Bramdean (VB092) is a comprehensive study of the history of this rural Hampshire village and the parish of St Simon and St Jude, along with the tin church on Bramdean Common originally built for the travelling community. It is located nine miles east of Winchester and four miles south-east of Alresford on the A272. A Roman villa was found in 1823 and the original Saxon name was Bromdene, meaning the valley where broom grew, indicates continued occupation over many centuries. The VENABLES family of Woodcote Manor were benefactors in the 18th Century with other ancient families associated with the parish including BUDD, COOPER, GREEN, HALL, HARDING, and PINK.
This twelve page booklet includes a great deal of historical information covering Bramdean including not only the gentry but also the teachers, publicans and ordinary people. To assist with your research, useful references for Bramdean documents and records held at the Hampshire Record Office are given throughout, together with other sources and website addresses for more information.
Review of HGS Conference Day 2019
Review of HGS Conference Day 2019 Our third conference day was held on 15th June and was attended by 150 delegates. In the luxury of the Fair Oak Suite of the Macdonald Hotel and Spa, Botley, everyone took advantage of the opportunity to catch up with old friends and meet new ones.
HGS Conference Day – Rosalind McCutcheon – Fact Sheet
The factsheet from Ros McCutcheon’s excellent talk at our recent Conference Day can be accessed via the following Link: Irish-Poor-Handout-June-2019-Ros-McCutcheon (1)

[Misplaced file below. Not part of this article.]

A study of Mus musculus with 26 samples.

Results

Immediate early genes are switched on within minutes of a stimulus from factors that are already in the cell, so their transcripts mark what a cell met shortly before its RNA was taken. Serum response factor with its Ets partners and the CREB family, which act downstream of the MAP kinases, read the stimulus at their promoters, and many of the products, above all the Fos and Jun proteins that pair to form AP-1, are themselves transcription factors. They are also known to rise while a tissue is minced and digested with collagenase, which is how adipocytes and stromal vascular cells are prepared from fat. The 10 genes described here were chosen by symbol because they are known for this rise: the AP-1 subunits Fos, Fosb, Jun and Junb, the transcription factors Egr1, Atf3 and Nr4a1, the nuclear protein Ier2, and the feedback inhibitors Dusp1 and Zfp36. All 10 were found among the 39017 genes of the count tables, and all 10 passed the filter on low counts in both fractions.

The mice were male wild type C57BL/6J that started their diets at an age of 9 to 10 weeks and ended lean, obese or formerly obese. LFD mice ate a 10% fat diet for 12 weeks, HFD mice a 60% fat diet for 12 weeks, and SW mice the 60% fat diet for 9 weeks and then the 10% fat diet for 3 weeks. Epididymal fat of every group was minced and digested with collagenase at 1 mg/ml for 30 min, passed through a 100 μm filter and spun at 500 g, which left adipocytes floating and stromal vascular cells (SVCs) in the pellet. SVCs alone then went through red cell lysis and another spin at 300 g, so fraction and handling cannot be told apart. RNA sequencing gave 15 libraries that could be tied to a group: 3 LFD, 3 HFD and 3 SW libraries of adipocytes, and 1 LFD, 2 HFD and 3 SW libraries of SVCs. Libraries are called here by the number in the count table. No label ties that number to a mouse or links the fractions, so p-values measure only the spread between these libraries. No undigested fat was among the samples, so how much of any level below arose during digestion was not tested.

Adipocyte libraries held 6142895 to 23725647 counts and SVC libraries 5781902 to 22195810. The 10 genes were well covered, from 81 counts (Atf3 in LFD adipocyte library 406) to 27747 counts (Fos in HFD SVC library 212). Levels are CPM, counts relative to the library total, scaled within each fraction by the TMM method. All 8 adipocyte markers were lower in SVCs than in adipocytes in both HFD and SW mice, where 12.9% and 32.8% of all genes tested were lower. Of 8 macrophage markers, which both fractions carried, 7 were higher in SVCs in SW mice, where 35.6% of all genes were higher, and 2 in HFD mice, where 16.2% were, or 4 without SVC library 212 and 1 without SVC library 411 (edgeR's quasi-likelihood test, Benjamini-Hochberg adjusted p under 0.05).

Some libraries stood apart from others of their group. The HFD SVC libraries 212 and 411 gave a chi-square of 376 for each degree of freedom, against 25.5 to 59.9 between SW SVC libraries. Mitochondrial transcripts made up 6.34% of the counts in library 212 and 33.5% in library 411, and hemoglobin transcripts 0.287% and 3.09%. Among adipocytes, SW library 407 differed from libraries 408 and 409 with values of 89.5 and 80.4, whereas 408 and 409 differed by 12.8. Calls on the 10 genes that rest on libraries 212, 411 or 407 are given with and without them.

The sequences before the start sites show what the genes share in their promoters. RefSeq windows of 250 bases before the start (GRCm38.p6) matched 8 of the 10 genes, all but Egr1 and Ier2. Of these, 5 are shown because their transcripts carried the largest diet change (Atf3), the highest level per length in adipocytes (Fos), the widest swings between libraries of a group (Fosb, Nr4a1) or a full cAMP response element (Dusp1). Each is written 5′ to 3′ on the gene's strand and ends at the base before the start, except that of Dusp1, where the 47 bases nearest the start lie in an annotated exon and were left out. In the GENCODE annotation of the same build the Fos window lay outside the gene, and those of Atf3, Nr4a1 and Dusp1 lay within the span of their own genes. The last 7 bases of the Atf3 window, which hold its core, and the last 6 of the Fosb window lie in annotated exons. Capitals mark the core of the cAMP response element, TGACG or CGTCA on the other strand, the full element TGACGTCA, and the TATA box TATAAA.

Wield village booklet now available
Wield, (VB103) is a small parish consisting of two settlements, Upper and Lower Wield, with Upper Wield being the principle one including the parish church. Wield is 6 miles west of Alton and 6 miles north-north-east of Alresford.
New Item in the Members Area
We are delighted to announce that we have a new set of data in our members area. The Muster Roll of the 2nd Battalion Hampshire Regiment dated 1889, by kind permission of two of our members, Kay and Dave Lovell,
Wield MI Correction
As with all data that gets indexed or transcribed there is always the possibility that information can be misread due to bad handwriting or general aging. Whilst preparing information for the forthcoming village booklet on Wield I have found a prime example of this.